A Tribunal has ruled that an employee who was sacked for liking a Facebook post criticising her boss (P) was unfairly dismissed.
DT and her partner S worked in a bar in Lincoln. S was accused of drinking alcohol during his shift by P and resigned immediately. Once home, S wrote a Facebook post about P alleging, amongst other things, that he was “a creepy and wildly inappropriate man” who “allowed underage drinking at the bar” and didn’t provide his employees with breaks.
In support of her partner, DT both liked and shared S’s posts on her own Facebook and Snapchat accounts. When P discovered this, DT was suspended. She raised a grievance which was ignored and was then dismissed for gross misconduct at the end of October 2020.
Throughout DT’s employment, there were no grievances, disciplinary harassment/equality or social media policies in place.
DT claimed unfair dismissal and was awarded £3,000 in compensation.
Where did the employer go wrong?
The tribunal noted that:-
- P had reviewed and monitored DT’s personal social media account without T having any policy in place which said that this activity might occur;
- There were no other relevant policies in place e.g. disciplinary procedure;
- No real disciplinary process was followed by the employer; and
- Employees can be dismissed for unacceptable posts on their social media accounts, but this must always be a reasonable response by the employer. In this case, DT hadn’t written the offending post herself and she had removed it from her personal account shortly after liking and sharing it. There were also no other clear policies in place which she was expected to follow.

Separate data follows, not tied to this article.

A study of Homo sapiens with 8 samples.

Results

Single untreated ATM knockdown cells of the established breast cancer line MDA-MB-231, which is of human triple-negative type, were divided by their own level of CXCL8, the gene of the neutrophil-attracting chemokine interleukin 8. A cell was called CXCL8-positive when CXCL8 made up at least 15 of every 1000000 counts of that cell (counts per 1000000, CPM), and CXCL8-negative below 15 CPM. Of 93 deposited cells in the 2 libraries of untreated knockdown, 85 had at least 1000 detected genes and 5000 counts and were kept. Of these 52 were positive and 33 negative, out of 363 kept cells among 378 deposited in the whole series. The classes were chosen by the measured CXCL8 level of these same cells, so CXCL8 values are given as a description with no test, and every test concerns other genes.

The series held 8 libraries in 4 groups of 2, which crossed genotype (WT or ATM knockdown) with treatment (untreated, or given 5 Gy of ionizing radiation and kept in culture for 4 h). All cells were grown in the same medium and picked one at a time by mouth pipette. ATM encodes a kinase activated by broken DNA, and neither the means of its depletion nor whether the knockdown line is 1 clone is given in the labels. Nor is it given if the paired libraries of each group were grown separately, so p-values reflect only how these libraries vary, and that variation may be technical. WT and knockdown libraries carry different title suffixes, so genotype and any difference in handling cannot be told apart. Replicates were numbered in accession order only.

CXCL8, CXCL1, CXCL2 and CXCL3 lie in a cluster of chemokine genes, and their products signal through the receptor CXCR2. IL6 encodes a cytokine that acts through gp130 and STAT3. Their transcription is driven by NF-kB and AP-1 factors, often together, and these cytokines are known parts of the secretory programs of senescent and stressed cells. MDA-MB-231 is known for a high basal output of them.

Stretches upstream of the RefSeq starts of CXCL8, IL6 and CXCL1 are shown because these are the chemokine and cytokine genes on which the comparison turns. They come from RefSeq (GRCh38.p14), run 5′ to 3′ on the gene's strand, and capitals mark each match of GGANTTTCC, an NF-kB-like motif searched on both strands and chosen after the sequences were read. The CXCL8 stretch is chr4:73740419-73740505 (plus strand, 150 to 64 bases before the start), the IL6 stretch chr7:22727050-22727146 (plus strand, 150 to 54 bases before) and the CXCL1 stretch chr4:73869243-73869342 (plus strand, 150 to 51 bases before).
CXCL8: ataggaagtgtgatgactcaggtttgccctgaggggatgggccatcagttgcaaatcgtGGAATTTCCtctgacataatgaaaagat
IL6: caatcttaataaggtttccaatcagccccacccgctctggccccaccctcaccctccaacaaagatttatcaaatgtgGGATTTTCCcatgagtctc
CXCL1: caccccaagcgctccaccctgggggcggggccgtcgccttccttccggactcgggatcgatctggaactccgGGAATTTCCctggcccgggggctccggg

What can employers learn from this case?
Cases like this demonstrate that employers must conduct a proper disciplinary process, respond reasonably (even when faced with what some would consider serious misconduct) and ensure that. They have relevant policies in place so that staff know what the rules are and how to follow them.
How can we help?
If you are an employer or employee dealing with misconduct allegations, you need prompt, cost-effective and plain-English legal advice to ensure that you get the protection and support you need. Should you have any queries in relation to any of the issues discussed in this article or indeed any other employment law issues, please do not hesitate to contact Hannah at 01206 239757 or Hannah.firstname.lastname@example.org.
This reflects the law at the date of publication and is written as a general guide. It does not contain definitive legal advice, which should be sought as appropriate in relation to a particular matter.